Employees at the Elizabethtown Starbucks on Dixie Highway became the chain's first Kentucky baristas to unionize outside of Louisville.
Jacob Munoz
/
LPM
Employees at the Elizabethtown Starbucks on Dixie Highway became the chain's first Kentucky baristas to unionize outside of Louisville.

Employees at both Elizabethtown Starbucks locations are the chain’s first union members in Kentucky outside of Louisville.

Workers at the Starbucks on The Loop location voted 20-1 in favor of a union on Monday, according to initial results from the National Labor Relations Board, which oversees private-sector union elections.

Last month, Starbucks employees at the Elizabethtown store on Dixie Highway unionized in a narrow 13-11 vote.

The stores are the fifth and sixth locations in Kentucky where baristas have joined Starbucks Workers United. Employees across the country have cited concerns over issues like hourly pay, benefits and workplace safety as their reasons for organizing.

Jay Hockenberry has worked at the Starbucks on The Loop for about two years. He said scheduling is a problem at his store, which leads to understaffing and means part-time workers miss out on benefits offered by the company.

“This opens up bad opportunities in the areas of things like store hygiene, it opens up bad opportunities in the areas of guest experience,” Hockenberry said.

Part-time employees are eligible for benefits if they work at least 240 hours across three consecutive months, according to the company. That translates to about 20 hours each week for 12 weeks.

Sean Sluder said she decided to work at Starbucks on Dixie Highway to utilize the company’s transgender healthcare benefits, but she struggled to qualify for those benefits when her weekly working hours were repeatedly reduced.

She said she wants to see stable working hours through the union, and feels the company highlights the LGBTQ+ community as a “marketing tactic.”

“That gives them the good publicity. But then we get in, and if you can even get the benefits, there's a good chance you're not going to be able to keep them,” Sluder said.

Sluder said after the narrow election vote at her store, the union’s supporters want to alleviate concerns of those who voted against it.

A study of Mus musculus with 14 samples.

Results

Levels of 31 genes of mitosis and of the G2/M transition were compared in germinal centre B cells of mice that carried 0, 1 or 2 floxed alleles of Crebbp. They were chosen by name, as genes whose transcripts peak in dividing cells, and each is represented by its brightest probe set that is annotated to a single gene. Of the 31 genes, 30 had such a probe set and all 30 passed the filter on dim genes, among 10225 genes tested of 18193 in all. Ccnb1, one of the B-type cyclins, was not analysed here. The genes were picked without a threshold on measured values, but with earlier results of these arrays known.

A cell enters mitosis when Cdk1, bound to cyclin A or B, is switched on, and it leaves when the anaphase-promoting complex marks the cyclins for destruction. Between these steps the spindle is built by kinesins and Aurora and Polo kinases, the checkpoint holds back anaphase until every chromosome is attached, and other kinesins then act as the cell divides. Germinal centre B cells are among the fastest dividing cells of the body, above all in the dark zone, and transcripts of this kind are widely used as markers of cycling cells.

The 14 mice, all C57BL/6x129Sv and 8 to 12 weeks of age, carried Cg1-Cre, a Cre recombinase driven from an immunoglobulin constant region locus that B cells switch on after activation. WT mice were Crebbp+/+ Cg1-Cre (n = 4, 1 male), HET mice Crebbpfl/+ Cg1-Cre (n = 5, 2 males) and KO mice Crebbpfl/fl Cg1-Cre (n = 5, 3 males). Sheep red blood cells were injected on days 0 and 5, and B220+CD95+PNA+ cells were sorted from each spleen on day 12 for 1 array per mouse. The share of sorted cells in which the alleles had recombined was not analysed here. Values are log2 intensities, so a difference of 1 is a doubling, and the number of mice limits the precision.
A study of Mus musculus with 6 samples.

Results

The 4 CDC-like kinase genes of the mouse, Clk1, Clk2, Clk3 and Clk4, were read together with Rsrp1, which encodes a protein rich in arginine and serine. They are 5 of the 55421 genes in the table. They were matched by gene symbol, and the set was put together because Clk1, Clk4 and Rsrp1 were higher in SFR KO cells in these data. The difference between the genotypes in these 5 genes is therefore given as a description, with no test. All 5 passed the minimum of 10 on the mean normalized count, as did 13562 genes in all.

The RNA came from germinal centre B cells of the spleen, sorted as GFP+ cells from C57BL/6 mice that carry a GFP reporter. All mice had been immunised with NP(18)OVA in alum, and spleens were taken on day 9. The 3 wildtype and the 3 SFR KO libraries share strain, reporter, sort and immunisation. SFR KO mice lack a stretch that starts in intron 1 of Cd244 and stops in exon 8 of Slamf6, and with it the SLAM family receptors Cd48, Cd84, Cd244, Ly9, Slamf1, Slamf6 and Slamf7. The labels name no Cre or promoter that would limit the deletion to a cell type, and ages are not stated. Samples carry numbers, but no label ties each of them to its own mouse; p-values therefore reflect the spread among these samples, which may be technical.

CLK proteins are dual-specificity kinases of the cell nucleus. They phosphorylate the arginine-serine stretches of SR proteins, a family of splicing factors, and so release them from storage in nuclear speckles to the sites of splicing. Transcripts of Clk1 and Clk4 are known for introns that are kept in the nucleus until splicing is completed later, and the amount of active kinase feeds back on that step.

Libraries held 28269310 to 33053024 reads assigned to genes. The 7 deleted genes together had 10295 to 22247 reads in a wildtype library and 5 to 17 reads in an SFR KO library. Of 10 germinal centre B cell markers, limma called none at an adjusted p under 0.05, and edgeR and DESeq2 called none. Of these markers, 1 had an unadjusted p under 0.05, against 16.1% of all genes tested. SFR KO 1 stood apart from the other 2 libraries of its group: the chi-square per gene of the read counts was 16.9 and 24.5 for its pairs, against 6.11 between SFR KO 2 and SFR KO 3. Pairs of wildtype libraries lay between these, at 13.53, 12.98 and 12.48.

“We're trying to get the bare minimum, and unions succeeding doesn't just help the people in the unions. It helps raise the bar for all workers, unionized or not,” she said.

Hardin County previously received attention for a legal battle against unions. In 2015, the Hardin County Fiscal Court passed a “right-to-work” ordinance that prevented private-sector employees from being required to join a union or pay union dues.

Local unions contested the law, arguing it violated the National Labor Relations Act, which outlines workplace organizing rights. But a federal appeals court ultimately ruled in favor of the county in late 2016, months before Kentucky lawmakers enacted a “right-to-work” policy statewide.

In a previous statement provided to LPM News, Starbucks said it is opposed to unionization efforts at its stores, but would work to bargain in good faith.

“From the beginning, we’ve been clear in our belief that we are better together as partners, without a union between us, and that conviction has not changed,” the company stated.

More than 300 Starbucks stores in the U.S. have successfully unionized since 2021, according to an analysis of NLRB data by Kevin Reuning, an assistant professor at Miami University in Ohio.

Starbucks and Workers United have yet to reach collective bargaining agreements for the unionized stores. The two sides have contested whether bargaining sessions should be allowed to take place online.

Correction: This story has been updated to reflect Kevin Reuning works at Miami University in Ohio.